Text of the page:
In August, 2000, while grooming and brushing Casey's coat, we noticed a small but soft lump. This lump was located at the base of his neck just centered above his shoulders. Naturally, alarmed by this finding, we consulted our veterinarian. They did a needle biopsy to determine what this lump was. The results showed lipid tissue (fat tissue). The term to describe this lump is Lipoma. Our veterinarian suggested this lipoma is not life-threatening or effecting Casey's general health in any way. It was recommended that we continue to observe the lipoma for any changes in size and density. With this information we felt relieved and did what was recommended, we observed the lipoma. By the end of November/2000, we noticed a rapid growth to the lipoma on Casey's back and found another on his rear inner right leg. We revisited our Veterinarian to confirm this second lump was indeed a lipoma. They still recommended that we observe the progression of these growths. During this visit, the lipoma's were measured for size. The veterinarian also gave us the option to remove the lipoma's, but assured us it would be purely cosmetic.
By the end of January 2001, we noticed a significant increase in size, shape and density of the lipoma on Casey's back area. Given the location of this lipoma over his shoulders, we decided it was time to have it removed. Casey had his surgery February 2/2001. Both lipoma masses were removed under a general anesthesia. After the surgery, our veterinarian informed us it was an extensive surgery. The lipoma mass was very large weighing 290 grams. The mass was deeply embedding into surrounding muscles and the fatty tissue areas around the spinal cord area. The veterinarian assured us we had made the right decision to have the surgery performed. Casey was left with forty stitches on his back, with two drains one on either side of his incision line. The lipoma on his right rear leg was a simple removal and has ten stitches on that area. The next few days after the surgery were difficult for Casey. But after the second day after surgery he was showing signs of his normal wonderful self again. He had to cope with the large dressing necessary to cover his incision, limiting his activity, and of course medications. Casey was placed on antibiotics, steroids for the inflammation, and mild pain killers. On February 9/2001, he had the drains removed, and will have all the stitches removed February 16/2001.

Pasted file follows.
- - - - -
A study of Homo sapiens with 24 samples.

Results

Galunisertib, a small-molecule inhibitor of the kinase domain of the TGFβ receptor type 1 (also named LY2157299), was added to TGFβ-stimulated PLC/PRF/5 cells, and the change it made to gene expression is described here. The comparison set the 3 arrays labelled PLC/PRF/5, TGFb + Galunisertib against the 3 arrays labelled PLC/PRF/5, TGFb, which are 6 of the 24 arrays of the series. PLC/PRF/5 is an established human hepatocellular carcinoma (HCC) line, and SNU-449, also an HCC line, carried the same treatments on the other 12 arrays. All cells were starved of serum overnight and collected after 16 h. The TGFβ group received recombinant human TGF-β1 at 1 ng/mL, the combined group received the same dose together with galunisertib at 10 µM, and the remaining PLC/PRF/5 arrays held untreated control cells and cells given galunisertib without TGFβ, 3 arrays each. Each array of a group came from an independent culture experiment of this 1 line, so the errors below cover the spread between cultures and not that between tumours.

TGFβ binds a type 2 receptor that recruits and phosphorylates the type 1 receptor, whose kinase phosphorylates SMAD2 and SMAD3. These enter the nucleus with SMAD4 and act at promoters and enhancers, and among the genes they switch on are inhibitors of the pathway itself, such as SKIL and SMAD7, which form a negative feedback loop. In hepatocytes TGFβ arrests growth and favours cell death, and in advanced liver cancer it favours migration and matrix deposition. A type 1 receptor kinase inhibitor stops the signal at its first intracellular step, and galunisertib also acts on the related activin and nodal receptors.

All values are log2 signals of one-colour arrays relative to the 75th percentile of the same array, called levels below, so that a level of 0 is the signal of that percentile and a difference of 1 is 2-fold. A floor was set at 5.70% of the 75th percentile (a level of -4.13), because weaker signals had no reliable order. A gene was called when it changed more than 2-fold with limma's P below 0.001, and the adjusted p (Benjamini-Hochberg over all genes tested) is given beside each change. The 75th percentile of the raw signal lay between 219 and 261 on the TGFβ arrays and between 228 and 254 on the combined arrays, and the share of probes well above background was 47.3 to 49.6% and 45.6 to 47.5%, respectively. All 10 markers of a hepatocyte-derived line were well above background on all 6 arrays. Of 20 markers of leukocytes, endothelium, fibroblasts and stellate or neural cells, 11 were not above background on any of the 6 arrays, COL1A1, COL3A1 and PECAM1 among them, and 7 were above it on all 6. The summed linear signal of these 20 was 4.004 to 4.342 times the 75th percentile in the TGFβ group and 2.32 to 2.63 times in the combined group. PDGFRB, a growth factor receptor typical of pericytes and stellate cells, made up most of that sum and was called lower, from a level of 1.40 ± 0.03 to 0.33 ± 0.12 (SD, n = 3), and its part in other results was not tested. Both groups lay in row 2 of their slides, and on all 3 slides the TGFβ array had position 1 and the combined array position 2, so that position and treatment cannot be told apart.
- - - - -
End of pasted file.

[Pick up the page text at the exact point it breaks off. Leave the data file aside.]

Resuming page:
It has been quite an experience to say the least. During the first day after the surgery when all was the most difficult for Casey, We questioned whether we made the right decision. But, hind-sight they say is 20/20. In retrospect, our feeling is we would have had the lipoma removed when they were smaller. Perhaps Casey would not have had to endure such an extensive surgical procedure. These are questions that will probably never be answered. The most important thing is, Casey is on the mend and is recuperating very well. He is a very happy and healthy little dog.
We would like to extend our deepest appreciation to the entire staff of Anderson's Animal Hospital, for all the excellent care Casey received. We were very comforted by all the support and kindness shown to us, during this very difficult time.
Please visit these websites for more information on Canine Lipoma and other health related issues. A special thank-you to Sharon Bock for permission to link to her website, for educational/ illustration about canine lipoma.